As thought leaders on interim management, every quarter we look ahead at what businesses need and apply thought-provoking insights from incredible interim business leaders, each with their own perspective. For the fourth quarter, here are expert insights from David Faulds on finance to help you advance your goals in Q4 and into 2022.
Looking back on the first three quarters of 2021, what are some key takeaways for you?
Most companies during the past nine months have been experiencing resource planning issues, and as businesses have tried to normalize their operations, they have also been faced with supply chain shortages or delays in getting product, which in turn, has affected their vendor and customer relationships (i.e., pricing and delivery commitments). Many companies have had to renegotiate their purchase and sales contracts several times and manage pricing and delivery expectations for their customers, while at the same time, controlling their supply landed cost including freight and demurrage as these transportation costs have skyrocketed.
As a part of resource planning, companies have had to deal with human resource issues regarding the new COVID-19 regulations mandated and imposed by the cities and states throughout the US. The fear that an employee or contractor can litigate when companies require vaccination or masking is causing HR to constantly monitor the wellness of the staff and make sure they properly communicate these rules in an acceptable and humane manner. These are very testing times for those departments!
From a talent perspective, what should companies be focused on (and why)?
The biggest complaint I hear from clients is the shortage or lack of quality talent available for open job/ contractor postings. This is causing hiring decisions to be either extremely delayed or rash hires being made with rehire consequences. Companies need to leverage their own internal staff more effectively, provide training and cross-training—so they can better navigate those stressful times when open positions cause work to back up or overload another employee. Their best course is to be patient and hire the right person, use their own HR recruiter or external recruiter to target hiring prospects and be willing to offer pay rates sufficiently above the existing pay when wooing away the best talent. During this period, it’s likely that employee turnover rates will increase, as other companies are trying to hire away your best, underpaid talent.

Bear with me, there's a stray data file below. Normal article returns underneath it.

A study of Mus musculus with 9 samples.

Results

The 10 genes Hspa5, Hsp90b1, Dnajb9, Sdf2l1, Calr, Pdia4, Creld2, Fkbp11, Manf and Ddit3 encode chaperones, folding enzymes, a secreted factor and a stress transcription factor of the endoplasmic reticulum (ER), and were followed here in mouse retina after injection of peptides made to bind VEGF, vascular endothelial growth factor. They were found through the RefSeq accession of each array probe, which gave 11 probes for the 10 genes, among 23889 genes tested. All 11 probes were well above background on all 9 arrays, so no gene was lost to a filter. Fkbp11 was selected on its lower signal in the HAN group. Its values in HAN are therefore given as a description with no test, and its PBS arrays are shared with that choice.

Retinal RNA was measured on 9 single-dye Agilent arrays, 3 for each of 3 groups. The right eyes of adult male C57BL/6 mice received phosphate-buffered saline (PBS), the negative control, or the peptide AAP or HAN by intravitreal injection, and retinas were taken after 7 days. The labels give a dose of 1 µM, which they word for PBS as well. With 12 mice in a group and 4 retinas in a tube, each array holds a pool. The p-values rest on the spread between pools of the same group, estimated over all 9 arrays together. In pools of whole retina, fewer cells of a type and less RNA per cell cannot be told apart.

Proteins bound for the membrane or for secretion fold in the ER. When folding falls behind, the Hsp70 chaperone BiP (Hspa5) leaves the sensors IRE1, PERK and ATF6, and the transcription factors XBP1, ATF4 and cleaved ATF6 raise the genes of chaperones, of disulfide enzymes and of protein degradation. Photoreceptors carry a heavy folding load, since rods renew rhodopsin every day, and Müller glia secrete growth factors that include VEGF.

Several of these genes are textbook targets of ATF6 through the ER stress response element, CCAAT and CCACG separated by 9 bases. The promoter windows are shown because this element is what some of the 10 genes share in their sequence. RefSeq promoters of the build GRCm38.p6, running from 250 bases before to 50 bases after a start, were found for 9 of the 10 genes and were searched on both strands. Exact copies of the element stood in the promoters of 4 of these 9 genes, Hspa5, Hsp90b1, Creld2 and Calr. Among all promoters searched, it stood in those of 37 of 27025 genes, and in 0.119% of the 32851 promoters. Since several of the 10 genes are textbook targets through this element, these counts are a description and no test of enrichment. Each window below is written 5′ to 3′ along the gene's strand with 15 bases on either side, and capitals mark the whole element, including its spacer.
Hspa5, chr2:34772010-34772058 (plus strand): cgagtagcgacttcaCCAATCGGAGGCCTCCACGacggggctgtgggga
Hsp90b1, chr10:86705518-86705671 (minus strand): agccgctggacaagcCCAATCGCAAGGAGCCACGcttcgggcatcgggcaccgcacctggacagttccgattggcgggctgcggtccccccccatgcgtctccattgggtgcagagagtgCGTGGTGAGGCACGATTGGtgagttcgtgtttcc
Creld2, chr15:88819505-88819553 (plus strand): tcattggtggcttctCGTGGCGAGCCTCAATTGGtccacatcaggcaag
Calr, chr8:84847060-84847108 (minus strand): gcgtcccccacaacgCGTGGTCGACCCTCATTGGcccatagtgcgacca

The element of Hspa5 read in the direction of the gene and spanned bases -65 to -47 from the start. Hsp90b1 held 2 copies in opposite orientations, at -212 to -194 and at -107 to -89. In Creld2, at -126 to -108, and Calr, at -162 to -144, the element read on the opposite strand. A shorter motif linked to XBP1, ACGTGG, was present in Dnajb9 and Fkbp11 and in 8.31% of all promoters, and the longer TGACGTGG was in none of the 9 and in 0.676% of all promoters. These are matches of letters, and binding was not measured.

My suggestion is to review all salaries and pay rates for hourly employees, adjusting now to ensure you keep the talent, and then go after prospective employees or contract-to-hires, making sure that you are properly onboarding these new hires weeks before they can change their minds.
For Q4, what strategies or tactics are you recommending to your clients to finish the year strong? What should they be doing to set themselves up to be successful in 2022?
The best strategy for the existing supply chain dilemma is to set the mindset and expectations of all customers toward the likelihood of upcoming contract pricing and term changes during these impactful COVID-19 times. Everyone needs to be more flexible. Remember to stay in constant communication with all your customers— don’t leave them in the dark about what’s happening with shipments and delays!
From a purchasing perspective, there may be opportunities to add more buying agents and staff to elevate the sourcing to other suppliers. This effort will more than pay for itself when you find new suppliers with better pricing and terms, thereby creating more room for margins in case you can’t pass on the next cost increase.
Make continued improvement in systems and processes, and prioritize key IT projects, as you may need to maximize your existing talent pool. As they become more efficient, there will be less strain on the team and the need for new hires. HR should focus attention on improving all employee benefits to ensure retention during the upcoming year. Management needs to be continually searching for new talent. Don’t wait until you need a replacement for a key position— look for that talent early.
About David Faulds
David Faulds is a financial executive with a strong background in finance, systems, and accounting. He specializes in process development and improvement and has extensive experience in financial and SEC reporting, due diligence for sales and acquisitions, new financing, setting up new accounting systems, and cost reduction programs. David is a CPA (active) in California and has an MBA (International Business) from a prestigious UK university.